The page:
Jon Barinholz ’05 and Rob Belushi immediately got their audience laughing in the Palace Theater last Friday.
“We need a theme for tonight.” Jon Barinholz ’05 told the audience when he first took the stage.
“Regret!” an audience member quickly replied.
“Apparently, someone is anticipating that this won’t be a very good show,” Barinholtz wryly quipped.
From that moment on, the night was filled with constant laughter, either by all audience members or sometimes by that one awkward guy who happens to find some random comment hilarious. Belushi and Barinholz’s performance consisted of long-form improvisation, taking about five minutes to develop a random scene and then spontaneously jumping to a new one with new characters, new plot and new problems. Part of the fun of watching this kind of performance is that the improvisers have no chance to discuss what the next scene will include, so during Belushi and Barinholz’s performance when one character started a scene, it sometimes took a while for the other actor to figure it out, leading to some entertaining confusion.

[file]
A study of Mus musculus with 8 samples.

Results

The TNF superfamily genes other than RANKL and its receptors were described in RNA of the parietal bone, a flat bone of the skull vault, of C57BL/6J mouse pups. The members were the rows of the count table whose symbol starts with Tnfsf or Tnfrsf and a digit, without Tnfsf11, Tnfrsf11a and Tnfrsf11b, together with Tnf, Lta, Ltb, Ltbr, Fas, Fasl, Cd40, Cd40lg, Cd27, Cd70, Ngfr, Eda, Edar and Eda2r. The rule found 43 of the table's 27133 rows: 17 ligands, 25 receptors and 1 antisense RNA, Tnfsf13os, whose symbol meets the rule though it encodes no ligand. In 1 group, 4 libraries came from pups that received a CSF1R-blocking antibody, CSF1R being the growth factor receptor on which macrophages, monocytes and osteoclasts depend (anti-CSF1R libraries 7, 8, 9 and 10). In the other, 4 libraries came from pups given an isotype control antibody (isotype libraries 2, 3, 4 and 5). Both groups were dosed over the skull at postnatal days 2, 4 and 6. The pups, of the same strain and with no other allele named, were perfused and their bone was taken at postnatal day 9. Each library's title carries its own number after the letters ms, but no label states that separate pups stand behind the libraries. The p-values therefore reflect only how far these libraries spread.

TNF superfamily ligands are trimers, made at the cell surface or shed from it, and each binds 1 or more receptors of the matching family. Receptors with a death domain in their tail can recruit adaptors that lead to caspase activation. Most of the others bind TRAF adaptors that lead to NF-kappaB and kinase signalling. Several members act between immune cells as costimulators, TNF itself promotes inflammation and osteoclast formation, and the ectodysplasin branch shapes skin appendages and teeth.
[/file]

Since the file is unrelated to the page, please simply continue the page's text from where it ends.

Topics ranged from a man looking for a talking dragon in a sewer, to a gay man in jail for drunk driving, to a mother cussing out her son for behaving inappropriately in a supermarket. In all these scenes Belushi and Barinholz demonstrated their ability to cover a wide range of characters and emotions in a short span of time
Jon Barinholz and Rob Belushi are a nationally known improv team, hailing from Chicago, but traveling all over the continental United States. Jon Barinholz ’05 was a member of Charred Goosebeak when he attended Colgate University, while Belushi attended Wesleyan University.
There were several members of Charred Goosebeak in the audience, some of whom had worked with him when he was a student here, and they were thrilled to have one of their own back on campus and in Hamilton, telling tales of what life is like as a professional improvisational comedian. Charred Goosebeak took the stage after Barinholz and Belushi and showed great potential to follow in the footsteps of their successful alumnus.